Chlorine Use by Municipal Water Systems
Chlorine is widely used by municipal water systems to disinfect water from bacteria, viruses and other microorganisms that cause diseases. In fact, approximately 75 percent of municipal water systems use chlorine. Diseases such as typhoid fever and cholera, which are easily spread through infected water, have virtually been wiped out because of chlorine use.
What is Chlorine?
Chlorine is one of the chemical agents, noted for its great power as an oxidizing agent. When dispersed in the air, it was a terrible war gas. When dispersed in water, “free chlorine” attacks everything it touches, creating chemical by-products with every reaction.
Effects of Chlorine
Despite it usefulness in disinfecting drinking water, there are problems associated with chlorine. Chlorine use can cause aesthetic water quality problems like a swimming pool taste and odour.
Far more alarming are some studies that link chlorine by-products with bladder, colon and rectal cancer. One study shows that people who drink chlorinated water run a 21 percent greater risk of bladder cancer than people who drink water with no chlorine.
One by-product is Trihalomethanes, or THMs. THMs are formed when chlorine reacts with naturally occurring organic matter in water, like decayed leaves. THMs (like chloroform) have been linked to a higher rate of cancer and have been classified as probable or possible human carcinogens by the US Environmental Agency (EPA). Research also indicates that many other volatile organic chemicals (VOCs) are also often present in water that has been treated with chlorine.
History of chlorine and water treatment
Chlorine was first used to disinfect water in the early 1900’s. At the time, outbreaks of cholera and typhoid fever, spread by the water system, were common and severe. In fact, major North American cities were suffering 100 or more typhoid deaths per 100,000 persons. Within 10 years after chlorine was introduced, the death rate fell dramatically. Since then, chlorine has been a primary means of chemically treating water.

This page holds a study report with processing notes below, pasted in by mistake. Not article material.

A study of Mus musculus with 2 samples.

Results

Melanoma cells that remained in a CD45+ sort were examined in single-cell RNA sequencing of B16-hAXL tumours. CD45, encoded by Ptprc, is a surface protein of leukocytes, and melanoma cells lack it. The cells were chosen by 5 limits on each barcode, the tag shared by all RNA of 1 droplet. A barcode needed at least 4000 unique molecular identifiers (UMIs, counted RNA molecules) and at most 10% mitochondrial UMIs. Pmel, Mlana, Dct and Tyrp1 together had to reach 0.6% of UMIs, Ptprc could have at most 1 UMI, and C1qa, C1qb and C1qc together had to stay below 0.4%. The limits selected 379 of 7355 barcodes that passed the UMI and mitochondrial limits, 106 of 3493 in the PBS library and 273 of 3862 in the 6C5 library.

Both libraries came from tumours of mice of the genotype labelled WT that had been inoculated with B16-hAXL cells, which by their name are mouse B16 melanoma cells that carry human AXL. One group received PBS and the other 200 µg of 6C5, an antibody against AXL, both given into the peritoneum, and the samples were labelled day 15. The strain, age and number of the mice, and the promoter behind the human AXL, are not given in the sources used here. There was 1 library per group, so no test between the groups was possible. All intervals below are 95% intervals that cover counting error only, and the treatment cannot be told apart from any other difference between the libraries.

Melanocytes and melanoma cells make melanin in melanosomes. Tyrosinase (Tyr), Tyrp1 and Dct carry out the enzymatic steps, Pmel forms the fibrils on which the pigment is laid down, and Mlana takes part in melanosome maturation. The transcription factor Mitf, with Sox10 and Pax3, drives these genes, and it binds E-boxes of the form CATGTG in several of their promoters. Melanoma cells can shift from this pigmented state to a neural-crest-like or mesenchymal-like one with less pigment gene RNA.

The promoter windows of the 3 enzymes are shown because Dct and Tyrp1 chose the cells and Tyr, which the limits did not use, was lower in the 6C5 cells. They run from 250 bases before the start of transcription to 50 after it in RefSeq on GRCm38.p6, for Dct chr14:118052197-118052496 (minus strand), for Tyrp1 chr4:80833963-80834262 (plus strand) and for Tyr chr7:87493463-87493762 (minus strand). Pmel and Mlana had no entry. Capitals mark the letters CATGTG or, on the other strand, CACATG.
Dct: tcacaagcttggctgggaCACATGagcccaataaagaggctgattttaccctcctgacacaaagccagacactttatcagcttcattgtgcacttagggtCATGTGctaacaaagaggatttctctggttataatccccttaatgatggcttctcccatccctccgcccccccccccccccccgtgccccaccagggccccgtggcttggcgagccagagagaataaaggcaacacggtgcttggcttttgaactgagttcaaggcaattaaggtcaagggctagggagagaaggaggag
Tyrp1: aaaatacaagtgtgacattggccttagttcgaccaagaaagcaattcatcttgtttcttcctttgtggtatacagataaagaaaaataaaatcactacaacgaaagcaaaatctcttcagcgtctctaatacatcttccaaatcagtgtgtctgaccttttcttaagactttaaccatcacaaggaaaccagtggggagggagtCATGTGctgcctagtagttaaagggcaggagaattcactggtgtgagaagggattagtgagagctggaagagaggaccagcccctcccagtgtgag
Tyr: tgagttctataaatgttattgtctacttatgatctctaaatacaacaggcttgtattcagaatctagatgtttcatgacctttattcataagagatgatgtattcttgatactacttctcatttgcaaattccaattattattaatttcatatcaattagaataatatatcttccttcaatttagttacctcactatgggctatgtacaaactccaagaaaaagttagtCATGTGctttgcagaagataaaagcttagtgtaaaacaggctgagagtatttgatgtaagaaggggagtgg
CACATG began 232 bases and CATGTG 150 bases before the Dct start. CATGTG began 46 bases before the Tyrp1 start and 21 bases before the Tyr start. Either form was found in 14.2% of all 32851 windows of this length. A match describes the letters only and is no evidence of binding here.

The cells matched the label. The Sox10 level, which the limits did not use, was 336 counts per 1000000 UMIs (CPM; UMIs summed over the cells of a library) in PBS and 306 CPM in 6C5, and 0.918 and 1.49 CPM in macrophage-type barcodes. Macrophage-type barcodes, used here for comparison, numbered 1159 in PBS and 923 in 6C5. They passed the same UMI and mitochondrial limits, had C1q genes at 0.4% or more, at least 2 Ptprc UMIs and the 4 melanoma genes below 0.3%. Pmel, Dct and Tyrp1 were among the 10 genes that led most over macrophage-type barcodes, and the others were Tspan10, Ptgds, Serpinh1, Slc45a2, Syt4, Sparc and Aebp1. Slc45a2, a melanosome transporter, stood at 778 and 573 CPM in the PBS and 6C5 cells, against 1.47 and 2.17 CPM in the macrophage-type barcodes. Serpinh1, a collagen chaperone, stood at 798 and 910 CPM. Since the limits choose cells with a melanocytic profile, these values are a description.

In the mid-1970’s, research determined that VOCs, including chloroform and THMs, were present in drinking water that was treated with chlorine. Subsequent tests revealed that these compounds were not found in the same water prior to chlorine disinfection.
Consequently, in 1979 the EPA set a Maximum Contaminant Level (MCL) of 0.1 milligrams per litre (mg/l) for THMs. Recognizing the need to completely eliminate THMs from drinking water, the EPA has set a Maximum Contaminant Level Goal (MCLG) of zero for THMs. A MLCG is simply a target point though, not an enforceable limit. This standard applies only to water treatment systems serving more than 10,000 people, which covers 79 percent of the North American population.
Detecting chlorine in your water
Determining whether chlorine is present is sometimes as simple as smelling or tasting your water. If your water smells or tastes like a swimming pool, the cause of that small or odour is most likely chlorine. To be certain if chlorine is used in your water system, call your local health department or water provider.
Reducing chlorine in your water
While there is no way to prevent the addition of chlorine in your municipal water supply, there is a way to remove or reduce chlorine and chlorine by-products from your water before you drink or cook with it. This can be done simply and cost effectively with a point-of-use (POU) water filtration system, certified by NSF International, for the reduction of chlorine, THMs and VOCs.
Typically the size of a fire extinguisher, POU systems designed for consumers are installed under the kitchen sink and the filtered water is served through a dedicated drinking water faucet.
As water travels through the POU system, sediment, particles, bacteria and harmful chemicals are removed by the system’s main ingredient – activated carbon.
Activated carbon is an extremely porous material that attracts and holds harmful contaminants in the water through a process knows as adsorption. The result is better tasting and cleaner water with fewer contaminants.
Peace of mind
Remember to always look for filtration products that are NSF certified. NSF is a not-for-profit co. founded in 1944 to promote good sanitation. NSF maintains state-of-the-art laboratories where products can be tested according to the set standards. NSF standards are recognized around the world, including by the International Standards Organization (ISO) and the Canadian Standards Association (CSA).